Quantum Computing Explained , David McMahon

Wiley Interscience, Hoboken, NJ, 2008. $84.95 (332 pp.). ISBN 978-0-470-09699-4

The field of quantum information has emerged from the intersection of quantum physics and information science as a rapidly growing area with both fundamental and technical significance. Even as it advances our understanding of the unique properties of the quantum world, quantum information is addressing some of today’s most challenging scientific and technological questions. For example, quantum information processing leads to a revolutionary new paradigm for computation that has been shown to provide efficient solutions for such complex calculations as integer factorization, the basis for widely used cryptographic systems.

Quantum information processing has seen explosive growth since the mid-1990s, when experimental investigations to implement quantum computation began in earnest. Those investigations followed a decade of theoretical work that culminated in demonstrations of algorithms for quantum computation and error correction. An increasingly broad community of experimental and theoretical scientists, including chemists, mathematicians, computer scientists, engineers, and physicists, is now seeking to realize and expand the promise of quantum information. As a result, the challenge for writers of textbooks on quantum computation is only becoming more complex.

As the field of quantum information continues to mature, an increasing number of textbooks on it and its related subfields are appearing; since 2001 at least five of them have been reviewed in Physics Today. Most of those texts, written for graduate students and researchers, assume a familiarity with quantum mechanics. However, it is one thing to write a textbook about a new field for a specific community, and quite another to write a text that satisfies multiple communities. That challenge is particularly acute if the audience includes undergraduates or scientists and engineers who have not had any real exposure to quantum mechanical concepts.

In his book * Quantum Computing Explained*, David McMahon has picked up the challenge. He sets out to introduce the key concepts, features, and developments in quantum computation to undergraduates and professionals who do not necessarily have backgrounds in either quantum physics or undergraduate mathematics. He does so with an informal, study-guide approach that involves a large number of worked examples and exercises. A research consultant at Sandia National Laboratories, McMahon is a practiced hand at this approach; he has written more than 10 teach-yourself texts on diverse areas of science and engineering. As he explains in his preface, the goal for his book is to open up and introduce quantum computation to nonspecialist readers from a wide variety of backgrounds.

Does it work? The book has some very attractive features, including a broad range of topics for an elementary text, some derivations of important results, and many examples worked in great detail. It is a good text for technically trained nonexperts who can follow simple mathematics and who wish to learn something of the intellectual content and context of quantum computation. On the whole, the book’s style is very pedagogical. For instance, before readers tackle the more advanced exercises, they are guided through many worked examples that illustrate the ideas upon which quantum computation is based. Those worked examples will be helpful for undergraduates in fields other than physics and computer science, the primary fields that contribute to quantum information science.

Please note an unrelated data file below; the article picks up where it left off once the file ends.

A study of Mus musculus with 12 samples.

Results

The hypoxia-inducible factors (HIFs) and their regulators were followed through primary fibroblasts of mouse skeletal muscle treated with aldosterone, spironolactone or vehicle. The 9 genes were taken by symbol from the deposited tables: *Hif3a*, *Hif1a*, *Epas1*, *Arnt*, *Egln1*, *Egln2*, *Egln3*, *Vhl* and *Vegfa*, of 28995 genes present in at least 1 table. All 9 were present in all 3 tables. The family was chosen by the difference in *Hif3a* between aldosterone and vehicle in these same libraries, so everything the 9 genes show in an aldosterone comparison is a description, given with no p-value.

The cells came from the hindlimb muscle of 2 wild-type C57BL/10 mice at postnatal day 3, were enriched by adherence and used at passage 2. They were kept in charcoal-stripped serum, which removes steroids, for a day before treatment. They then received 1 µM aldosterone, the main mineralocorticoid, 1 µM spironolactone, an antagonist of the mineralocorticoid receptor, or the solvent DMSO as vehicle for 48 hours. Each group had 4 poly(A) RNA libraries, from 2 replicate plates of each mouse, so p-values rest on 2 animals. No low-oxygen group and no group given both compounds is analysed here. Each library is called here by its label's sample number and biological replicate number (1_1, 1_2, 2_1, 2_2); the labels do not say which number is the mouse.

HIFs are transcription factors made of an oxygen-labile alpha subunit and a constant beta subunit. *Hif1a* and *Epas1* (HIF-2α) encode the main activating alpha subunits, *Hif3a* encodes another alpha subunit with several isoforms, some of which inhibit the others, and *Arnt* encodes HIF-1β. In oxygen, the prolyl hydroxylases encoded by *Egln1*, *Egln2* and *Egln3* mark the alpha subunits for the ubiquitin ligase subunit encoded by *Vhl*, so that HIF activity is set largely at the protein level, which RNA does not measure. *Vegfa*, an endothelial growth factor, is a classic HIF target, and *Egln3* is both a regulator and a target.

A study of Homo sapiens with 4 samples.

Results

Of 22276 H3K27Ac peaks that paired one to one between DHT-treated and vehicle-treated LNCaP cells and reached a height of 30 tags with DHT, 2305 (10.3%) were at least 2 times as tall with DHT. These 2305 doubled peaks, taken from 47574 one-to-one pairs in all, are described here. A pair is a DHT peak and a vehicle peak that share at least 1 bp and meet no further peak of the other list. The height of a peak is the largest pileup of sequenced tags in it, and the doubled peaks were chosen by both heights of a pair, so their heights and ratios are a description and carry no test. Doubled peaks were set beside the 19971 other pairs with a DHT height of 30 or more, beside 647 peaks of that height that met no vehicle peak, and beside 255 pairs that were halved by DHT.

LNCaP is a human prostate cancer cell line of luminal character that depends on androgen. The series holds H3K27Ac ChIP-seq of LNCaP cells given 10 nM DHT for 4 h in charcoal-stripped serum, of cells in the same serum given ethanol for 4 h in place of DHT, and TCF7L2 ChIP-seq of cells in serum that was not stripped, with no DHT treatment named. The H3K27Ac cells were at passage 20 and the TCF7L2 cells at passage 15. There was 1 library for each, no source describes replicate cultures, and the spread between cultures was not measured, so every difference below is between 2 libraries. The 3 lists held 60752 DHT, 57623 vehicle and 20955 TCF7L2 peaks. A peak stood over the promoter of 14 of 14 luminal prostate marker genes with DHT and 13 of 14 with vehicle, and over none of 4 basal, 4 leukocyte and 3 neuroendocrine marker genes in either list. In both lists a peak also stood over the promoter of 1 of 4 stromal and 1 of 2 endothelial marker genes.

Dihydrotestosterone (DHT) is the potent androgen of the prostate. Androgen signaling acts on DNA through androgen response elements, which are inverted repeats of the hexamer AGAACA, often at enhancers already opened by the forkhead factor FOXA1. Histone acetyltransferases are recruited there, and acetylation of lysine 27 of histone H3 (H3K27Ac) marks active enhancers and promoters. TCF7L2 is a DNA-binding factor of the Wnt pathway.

The text may also be helpful as a study guide for undergraduate physics students. That audience, however, is likely to be less satisfied overall, because a large proportion of the text is devoted to the basics of quantum mechanics. Even physics students who have not yet encountered the notion of generalized measurements or discussions of entanglement in their quantum mechanics classes will likely not be challenged by the relatively elementary first 170 pages of the book.

A more significant drawback for physics students and others with a serious interest in the subject is the book’s inconsistent approach to providing derivations of key results—some are given in detail while others are glossed over. Another drawback is the lack of references that could have provided further guidance, particularly for those topics that received only a cursory nod in the text. Expanded references would have been consistent with the author’s goal to provide a foundation that can be built upon by consulting more advanced texts. A further lacuna is the absence of discussions of quantum information demonstrations—for example, the physical realization of a qubit—or experiments that relate to quantum computation. Granted, the field is moving very quickly on the experimental side, but a short overview of physical implementations would be precisely the kind of thing that an educated nonexpert would welcome. Experimental discussions and references are better handled in * Quantum Computing for Computer Scientists* (Cambridge University Press, 2008) by Noson Yanofsky and Mirco Mannucci, a recent text that aims to provide computer science undergraduates with a similarly gentle introduction to the topic.

However, as noted above, it is easier to write for a specific audience than for one with diverse interests and expertise. McMahon’s text certainly conveys the excitement and some of the intellectual content of quantum computation to the nonphysicist who is prepared to invest some effort to understand both the theoretical framework and the conceptual underpinnings of the field.